When is it Good to Forget?
Is Every Memory Worth Keeping?
Controversy Over Pills to Reduce Mental Trauma
By Rob Stein
Washington Post Staff Writer
Tuesday, October 19, 2004; Page A01
Proponents say it could lead to pills that prevent or treat PTSD in soldiers coping with the horrors of battle, torture victims recovering from brutalization, survivors who fled the World Trade Center on Sept. 11, 2001, and other victims of severe, psychologically devastating experiences.
"Some memories can be very disruptive. They come back to you when you don't want to have them -- in a daydream or nightmare or flashbacks -- and are usually accompanied by very painful emotions," said Roger K. Pitman, a professor of psychiatry at Harvard Medical School who is studying the approach. "This could relieve a lot of that suffering."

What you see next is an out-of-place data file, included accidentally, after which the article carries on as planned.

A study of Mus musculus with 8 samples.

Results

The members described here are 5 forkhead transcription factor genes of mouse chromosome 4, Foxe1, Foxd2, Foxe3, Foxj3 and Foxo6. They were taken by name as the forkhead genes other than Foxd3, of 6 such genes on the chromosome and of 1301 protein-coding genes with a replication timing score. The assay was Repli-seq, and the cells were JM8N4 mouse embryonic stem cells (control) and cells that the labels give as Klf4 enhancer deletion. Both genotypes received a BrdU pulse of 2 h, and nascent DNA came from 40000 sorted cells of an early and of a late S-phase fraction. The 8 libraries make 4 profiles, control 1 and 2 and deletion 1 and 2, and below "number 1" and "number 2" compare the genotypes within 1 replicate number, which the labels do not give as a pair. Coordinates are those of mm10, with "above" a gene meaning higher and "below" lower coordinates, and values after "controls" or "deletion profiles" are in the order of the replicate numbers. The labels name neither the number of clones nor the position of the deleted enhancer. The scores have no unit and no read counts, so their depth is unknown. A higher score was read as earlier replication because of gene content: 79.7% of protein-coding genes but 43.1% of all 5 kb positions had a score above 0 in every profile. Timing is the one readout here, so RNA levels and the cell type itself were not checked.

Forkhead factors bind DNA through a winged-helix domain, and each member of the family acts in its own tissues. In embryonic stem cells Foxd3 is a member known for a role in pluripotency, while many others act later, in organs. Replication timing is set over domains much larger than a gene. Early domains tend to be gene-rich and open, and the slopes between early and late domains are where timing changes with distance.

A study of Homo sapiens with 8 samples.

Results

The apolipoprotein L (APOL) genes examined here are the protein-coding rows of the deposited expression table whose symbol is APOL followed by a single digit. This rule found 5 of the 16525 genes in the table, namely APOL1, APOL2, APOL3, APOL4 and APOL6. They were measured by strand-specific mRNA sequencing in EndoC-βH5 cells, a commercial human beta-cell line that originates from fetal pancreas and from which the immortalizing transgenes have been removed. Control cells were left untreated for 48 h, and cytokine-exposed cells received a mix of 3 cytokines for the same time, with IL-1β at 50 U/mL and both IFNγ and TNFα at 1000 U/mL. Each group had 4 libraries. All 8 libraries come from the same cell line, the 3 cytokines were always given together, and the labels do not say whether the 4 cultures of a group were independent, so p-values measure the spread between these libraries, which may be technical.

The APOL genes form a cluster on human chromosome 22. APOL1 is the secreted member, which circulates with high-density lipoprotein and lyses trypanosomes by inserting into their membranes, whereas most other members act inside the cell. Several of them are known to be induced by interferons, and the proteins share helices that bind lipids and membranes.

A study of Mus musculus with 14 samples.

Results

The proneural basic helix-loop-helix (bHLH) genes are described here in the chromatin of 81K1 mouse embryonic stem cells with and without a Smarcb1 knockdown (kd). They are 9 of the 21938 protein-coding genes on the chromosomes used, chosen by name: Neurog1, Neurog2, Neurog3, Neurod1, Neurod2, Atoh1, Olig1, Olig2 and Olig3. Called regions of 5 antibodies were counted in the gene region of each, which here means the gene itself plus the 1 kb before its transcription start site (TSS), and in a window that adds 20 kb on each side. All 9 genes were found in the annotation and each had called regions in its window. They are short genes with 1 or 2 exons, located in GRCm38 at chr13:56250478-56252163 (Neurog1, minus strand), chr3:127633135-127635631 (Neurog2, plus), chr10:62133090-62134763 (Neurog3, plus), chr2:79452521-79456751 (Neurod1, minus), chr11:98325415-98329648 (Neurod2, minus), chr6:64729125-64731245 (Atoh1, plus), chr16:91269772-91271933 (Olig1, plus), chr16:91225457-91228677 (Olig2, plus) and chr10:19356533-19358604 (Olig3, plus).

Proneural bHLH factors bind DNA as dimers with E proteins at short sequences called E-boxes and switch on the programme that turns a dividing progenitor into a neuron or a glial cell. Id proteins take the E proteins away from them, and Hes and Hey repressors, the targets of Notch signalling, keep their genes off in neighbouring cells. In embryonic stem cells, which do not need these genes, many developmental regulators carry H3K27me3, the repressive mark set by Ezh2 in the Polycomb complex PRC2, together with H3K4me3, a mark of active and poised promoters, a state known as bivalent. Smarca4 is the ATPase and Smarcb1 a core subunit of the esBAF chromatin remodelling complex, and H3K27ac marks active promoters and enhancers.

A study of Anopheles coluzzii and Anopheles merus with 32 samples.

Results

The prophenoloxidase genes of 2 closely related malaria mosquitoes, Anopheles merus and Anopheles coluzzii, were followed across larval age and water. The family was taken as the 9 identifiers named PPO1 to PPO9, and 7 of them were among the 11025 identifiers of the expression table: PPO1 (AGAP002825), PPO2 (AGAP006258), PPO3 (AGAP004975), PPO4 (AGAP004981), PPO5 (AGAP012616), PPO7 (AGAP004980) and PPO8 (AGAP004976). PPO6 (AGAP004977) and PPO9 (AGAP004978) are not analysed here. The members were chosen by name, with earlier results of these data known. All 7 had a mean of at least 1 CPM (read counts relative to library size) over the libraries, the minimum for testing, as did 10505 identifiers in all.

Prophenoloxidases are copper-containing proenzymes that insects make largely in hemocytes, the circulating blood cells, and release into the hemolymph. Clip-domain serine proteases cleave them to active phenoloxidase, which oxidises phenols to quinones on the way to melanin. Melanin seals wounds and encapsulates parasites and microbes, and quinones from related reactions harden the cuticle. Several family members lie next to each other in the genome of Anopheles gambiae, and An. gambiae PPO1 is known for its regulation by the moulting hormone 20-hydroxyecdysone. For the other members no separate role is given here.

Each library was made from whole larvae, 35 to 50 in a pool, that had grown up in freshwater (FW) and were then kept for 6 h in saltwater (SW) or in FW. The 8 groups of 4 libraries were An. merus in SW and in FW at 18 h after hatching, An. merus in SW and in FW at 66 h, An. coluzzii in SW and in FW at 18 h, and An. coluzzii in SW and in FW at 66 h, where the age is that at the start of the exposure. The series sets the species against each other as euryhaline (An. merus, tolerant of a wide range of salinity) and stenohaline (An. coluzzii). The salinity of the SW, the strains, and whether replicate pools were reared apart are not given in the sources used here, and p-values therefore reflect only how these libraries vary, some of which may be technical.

Skeptics, however, argue that tinkering with memories treads into dangerous territory because memories are part of the very essence of a person's identity, as well as crucial threads in the fabric of society that help humanity avoid the mistakes of the past.
"All of us can think of traumatic events in our lives that were horrible at the time but made us who we are. I'm not sure we'd want to wipe those memories out," said Rebecca S. Dresser, a medical ethicist at Washington University in St. Louis who serves on the President's Council on Bioethics, which condemned the research last year. "We don't have an omniscient view of what's best for the world."
Some fear anything designed for those severely disabled by psychic damage will eventually end up being used far more casually -- to, perhaps, forget a bad date or a lousy day at work.
"You can easily imagine a scenario of 'I was embarrassed at my boss's party last night, and I want to take something to forget it so I can have more confidence when I go into the office tomorrow,' " said David Magnus, co-director of Stanford University's Center for Biomedical Ethics. "It's not hard to imagine that it will end up being used much more broadly."